Summer downturn in house prices
Properties coming on to the market in England and Wales between 10 July and 6 August 2016 are 1.2% lower than the previous month, new research has revealed.
The Rightmove House Price Index says that this average drop of £3,602 is in line with the same decrease over the past six years and corresponds with subdued house sales during the summer months – rather than as a result of Brexit. This puts the average asking price at £304,222 at the beginning of August.
The survey also found that larger homes take the longest time to sell and have therefore faced a more significant drop in price, with an average of 74 days from being advertised on Rightmove to be sold subject to contract by estate agents. Larger homes have also seen a larger monthly fall in asking prices from new sellers, down by 2.9%.
In contrast, first-time buyer properties of two bedrooms or fewer and second-stepper properties, which tend to have three bedrooms, are performing better, taking 58 days to sell and witnessing monthly price drops of just 0.5% and 0.4% respectively.
Greater London has seen the largest monthly change in property prices, down by 2.6%, with an average house price in early August of £635,710. Within London, the top borough for house price rises was Enfield, with a monthly change of 4.5% in August and an annual price rise of 13.9%. The worst performing borough was the City of Westminster, which saw monthly prices plummet by 14.5% and an annual drop of 24.1%.
Only two regions in England and Wales showed price rises between July and August – the West Midlands and Yorkshire and Humberside, up 1.1% and 1.2% respectively.
‘A year of two halves’
Rightmove views 2016 as a year of two halves: it says that in the first six months, a buy-to-let surge to beat the 3% stamp duty hike on additional properties boosted property transactions to 12% higher between January and June 2016 than they were during the same period in 2015. However, in July 2016, enquiries to agents dropped by 18% when compared with July 2015.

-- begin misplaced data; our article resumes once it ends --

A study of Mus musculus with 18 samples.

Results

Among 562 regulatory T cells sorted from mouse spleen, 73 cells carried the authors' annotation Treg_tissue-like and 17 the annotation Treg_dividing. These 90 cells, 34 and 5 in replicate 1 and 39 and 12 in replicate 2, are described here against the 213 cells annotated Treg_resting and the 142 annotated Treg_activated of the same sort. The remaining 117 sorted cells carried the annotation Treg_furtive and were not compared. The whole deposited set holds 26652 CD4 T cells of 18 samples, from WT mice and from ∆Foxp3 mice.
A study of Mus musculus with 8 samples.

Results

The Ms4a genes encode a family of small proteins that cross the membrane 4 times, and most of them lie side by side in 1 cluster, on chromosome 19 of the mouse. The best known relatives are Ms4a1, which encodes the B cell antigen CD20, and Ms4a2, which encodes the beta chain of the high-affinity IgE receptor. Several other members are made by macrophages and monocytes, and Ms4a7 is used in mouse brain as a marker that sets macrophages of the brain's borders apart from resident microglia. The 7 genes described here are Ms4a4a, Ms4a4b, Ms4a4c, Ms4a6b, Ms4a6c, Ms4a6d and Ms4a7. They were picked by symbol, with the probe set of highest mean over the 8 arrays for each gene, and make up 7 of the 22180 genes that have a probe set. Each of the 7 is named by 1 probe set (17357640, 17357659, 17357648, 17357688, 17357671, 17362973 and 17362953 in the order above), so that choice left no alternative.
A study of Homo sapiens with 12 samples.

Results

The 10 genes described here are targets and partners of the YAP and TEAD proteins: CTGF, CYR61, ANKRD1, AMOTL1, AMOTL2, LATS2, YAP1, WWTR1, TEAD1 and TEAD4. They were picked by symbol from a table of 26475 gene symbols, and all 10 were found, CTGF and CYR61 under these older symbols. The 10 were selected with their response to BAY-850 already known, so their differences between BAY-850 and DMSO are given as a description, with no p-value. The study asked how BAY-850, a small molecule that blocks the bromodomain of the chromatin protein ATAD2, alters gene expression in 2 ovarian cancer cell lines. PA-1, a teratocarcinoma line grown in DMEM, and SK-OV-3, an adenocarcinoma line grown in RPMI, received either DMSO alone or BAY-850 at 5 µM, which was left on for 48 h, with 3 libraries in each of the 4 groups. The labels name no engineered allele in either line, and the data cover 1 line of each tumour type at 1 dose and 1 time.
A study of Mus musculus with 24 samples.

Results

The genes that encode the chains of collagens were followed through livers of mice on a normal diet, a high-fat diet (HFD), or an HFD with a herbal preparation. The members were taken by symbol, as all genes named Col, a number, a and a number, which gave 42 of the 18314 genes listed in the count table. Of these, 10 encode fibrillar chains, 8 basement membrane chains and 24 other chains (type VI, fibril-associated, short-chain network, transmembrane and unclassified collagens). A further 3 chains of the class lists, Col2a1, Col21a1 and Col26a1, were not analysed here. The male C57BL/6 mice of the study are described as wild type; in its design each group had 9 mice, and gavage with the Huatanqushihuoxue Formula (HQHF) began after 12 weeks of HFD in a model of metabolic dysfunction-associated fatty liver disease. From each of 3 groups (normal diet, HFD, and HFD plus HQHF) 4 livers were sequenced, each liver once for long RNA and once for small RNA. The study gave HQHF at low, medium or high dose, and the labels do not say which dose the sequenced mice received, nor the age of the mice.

Miles Shipside, Rightmove director and housing market analyst, says: “Many prospective buyers take a summer break from home-hunting, and those who come to market at this quieter time of year tend to price more aggressively. This summer is also affected by both Brexit uncertainty and the aftermath of the buy-to-let rush in March to beat the stamp duty deadline.
“Most sellers seem to recognise that buyers may want some extra encouragement to get them to put their towel on a property to reserve it as well as on their sunbed!”
Mr Shipside adds: “By autumn, we should get a clearer view of the strength of any post-referendum hangover, though that also depends on buyers’ confidence to turn this interest into action. The latest interest rate cut making already cheap-to-borrow money even cheaper should act as an added boost to confidence.”
A hugely unpopular tax paid on property and share purchases. Stamp duty on property is levied at 1% for purchases over £125,000 (£250,000 for first-time buyers) which then moves up at a tiered rate. For property between £125k and £250k you pay 1%, then 3% from £250k up to £500k and then 4% from £500k to £1m and then 5% for properties over £1m. But unlike income tax, which is “tiered” and different rates kick in at different levels, stamp duty is a “slab” tax where you pay the rate on the whole purchase price of the property. On shares, stamp duty is charged at a flat rate of 0.5% on all share purchases. Figures correct as of May 2011.
Everything you own: all your assets (property, cars, investments, savings, insurance payouts, artwork, furniture etc) minus any liabilities (debts, current bills, payments still owed on assets like cars and houses, credit card balances and other outstanding loans). When you’re alive this is called your wealth; when you’re dead, it becomes your estate.
The catch-all term applied to investors who buy properties with the sole intention of letting them to tenants rather than living in them themselves, with the proceeds from the let usually used for the repayment of the mortgage. Buy-to-let investors have to take out specialised mortgages that carry higher interest rates and require a much bigger deposit than a standard mortgage. Other expenditure can include legal fees, income tax (on the rental profits you make), capital gains tax (if you sell the property) and “void” periods when the property is unlet.